Two particularly hungry, exotic termite species apparently have found love halfway around the world and, as with so many other Florida hook-ups, the results are disturbing.
Asian and Formosan subterranean termites are two of the most destructive termite species in the world, responsible for much of the estimated $40 billion in economic losses attributed to termites annually. Their habitat ranges overlap in lush South Florida, already home to a daunting number of invasive plant and animal species thriving where they should not. Each termite invaded Florida, probably through cargo shipments, several decades ago, but experts believed the colonies didn't mingle because their aboveground mating swarms launched in different months.
That is, until University of Florida researcher Thomas Chouvenc noticed something unusual about the termite swarms in his Fort Lauderdale neighborhood two years ago.
The two species were flying around looking for mates at the same time—and they were giving each other that look.
The research is preliminary and leaves many questions unanswered, but the idea of a hybrid termite carrying the destructive capabilities of two invasive species worries experts.
"That's big news," said Matthew Messenger, an entomologist at the U.S. Department of Agriculture. "They're two bad ones, too."
Chouvenc is the lead author of a study published Wednesday in the journal PLOS ONE detailing observations of Asian and Formosan termite swarms in downtown Fort Lauderdale and then in a lab at UF's Institute of Food and Agricultural Sciences.
In the field, including Chouvenc's own yard, researchers documented the two species swarming at the same time and in the same places. The same behavior was documented again last year, and Chouvenc said he's seeing again this spring.
"What we didn't expect to see was when they're in the same place at the same time, we saw the male Asian subterranean termites looking for the female Formosan termites in the field," Chouvenc said.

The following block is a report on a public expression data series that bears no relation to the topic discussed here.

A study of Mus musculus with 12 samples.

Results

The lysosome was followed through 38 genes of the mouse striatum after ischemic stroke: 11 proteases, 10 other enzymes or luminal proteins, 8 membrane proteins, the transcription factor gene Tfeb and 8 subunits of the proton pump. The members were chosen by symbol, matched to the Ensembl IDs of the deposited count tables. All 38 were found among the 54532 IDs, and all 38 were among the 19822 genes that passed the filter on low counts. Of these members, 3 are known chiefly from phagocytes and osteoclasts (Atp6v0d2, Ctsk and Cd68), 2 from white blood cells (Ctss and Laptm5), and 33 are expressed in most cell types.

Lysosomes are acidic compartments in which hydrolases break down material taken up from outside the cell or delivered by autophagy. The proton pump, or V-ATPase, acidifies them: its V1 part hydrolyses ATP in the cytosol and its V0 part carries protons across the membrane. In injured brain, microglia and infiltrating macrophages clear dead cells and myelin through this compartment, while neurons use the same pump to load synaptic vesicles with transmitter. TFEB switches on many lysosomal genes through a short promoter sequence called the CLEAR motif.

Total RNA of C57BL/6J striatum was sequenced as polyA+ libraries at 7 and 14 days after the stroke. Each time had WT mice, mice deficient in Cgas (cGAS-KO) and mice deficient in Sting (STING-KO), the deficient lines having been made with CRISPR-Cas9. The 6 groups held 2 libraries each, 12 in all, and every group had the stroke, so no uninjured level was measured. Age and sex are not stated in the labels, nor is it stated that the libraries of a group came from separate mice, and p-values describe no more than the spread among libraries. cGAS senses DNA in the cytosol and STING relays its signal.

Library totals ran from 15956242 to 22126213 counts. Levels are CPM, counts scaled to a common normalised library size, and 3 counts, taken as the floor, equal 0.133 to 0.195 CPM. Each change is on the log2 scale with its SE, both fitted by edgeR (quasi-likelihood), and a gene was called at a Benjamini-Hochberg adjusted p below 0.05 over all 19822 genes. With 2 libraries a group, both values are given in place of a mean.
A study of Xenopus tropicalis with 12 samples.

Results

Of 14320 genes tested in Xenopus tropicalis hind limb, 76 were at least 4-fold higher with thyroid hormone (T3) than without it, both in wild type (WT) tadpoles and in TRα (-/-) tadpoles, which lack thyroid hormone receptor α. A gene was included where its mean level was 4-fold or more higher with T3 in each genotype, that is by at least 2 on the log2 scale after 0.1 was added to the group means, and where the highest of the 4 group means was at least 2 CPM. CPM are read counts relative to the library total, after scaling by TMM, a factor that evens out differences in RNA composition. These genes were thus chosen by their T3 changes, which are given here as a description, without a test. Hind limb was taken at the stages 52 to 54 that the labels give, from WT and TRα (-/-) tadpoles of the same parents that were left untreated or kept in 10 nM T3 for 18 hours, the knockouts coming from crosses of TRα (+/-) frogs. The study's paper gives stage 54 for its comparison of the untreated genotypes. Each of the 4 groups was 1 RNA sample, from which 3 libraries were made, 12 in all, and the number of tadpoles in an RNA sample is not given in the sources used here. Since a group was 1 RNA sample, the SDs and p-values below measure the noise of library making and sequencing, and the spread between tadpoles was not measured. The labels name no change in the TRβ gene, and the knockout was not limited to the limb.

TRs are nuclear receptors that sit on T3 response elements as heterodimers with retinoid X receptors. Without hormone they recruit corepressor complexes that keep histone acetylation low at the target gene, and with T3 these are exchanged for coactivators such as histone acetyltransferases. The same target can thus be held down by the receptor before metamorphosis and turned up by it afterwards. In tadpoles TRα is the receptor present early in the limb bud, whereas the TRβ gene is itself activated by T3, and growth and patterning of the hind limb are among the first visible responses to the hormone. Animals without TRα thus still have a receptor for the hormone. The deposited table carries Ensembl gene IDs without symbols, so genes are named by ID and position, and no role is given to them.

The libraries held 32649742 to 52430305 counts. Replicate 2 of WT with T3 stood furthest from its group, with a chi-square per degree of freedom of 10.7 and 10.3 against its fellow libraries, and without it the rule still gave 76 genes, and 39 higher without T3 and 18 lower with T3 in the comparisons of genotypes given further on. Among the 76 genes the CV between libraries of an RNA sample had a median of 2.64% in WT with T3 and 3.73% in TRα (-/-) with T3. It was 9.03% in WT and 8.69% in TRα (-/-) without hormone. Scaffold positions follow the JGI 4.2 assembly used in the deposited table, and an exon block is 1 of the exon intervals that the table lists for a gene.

"When we put them in vials and brought them back to the lab, to our biggest surprise they started laying eggs and the eggs started growing."
The resulting "hybrid" colony in the lab grew more vigorously than colonies produced by either species alone, researchers said. Genetic analysis confirmed they were looking at a hybrid species.
Similar hybridization has been documented in invasive bee and fire ant species, but not in termites. The two termite species also are found together on the island of Oahu in Hawaii and in Taiwan, but the simultaneous swarms and hybridization found in Florida appears to be a new phenomenon.
It's still unknown whether a hybrid colony has survived in the wild in Fort Lauderdale, or whether the hybrids bred in the lab can reproduce. Female termites can lay millions of eggs, but it takes five to eight years for a colony to produce the mature adults that fly in the mating swarms.
"Let's keep our fingers crossed that they're not able (to reproduce) and that they're donkey termites," said Messenger, who reviewed the data but did not participate in the UF study.
Even if hybrid termites can't reproduce, they could cause damage over many years. Alone, each species is a challenge to control. Their below-ground colonies are bigger than those of native termites and can be hard to find.
The Formosan termites originated in China but now are established throughout the Southeast and blamed for roughly $300 million in property damage each year in New Orleans alone. Asian termites normally found in tropical southeastern Asia have spread to Brazil, the Caribbean and South Florida.
Asian termites aren't expected to spread farther north in the U.S. than South Florida because they don't tolerate colder weather, but a hybrid might be able to thrive in a greater range than either species alone.
Liquid insecticides injected into the soil or baited traps are effective ways for homeowners to fight back against Asian and Formosan termites, and those methods should work against any hybrid, Messenger said.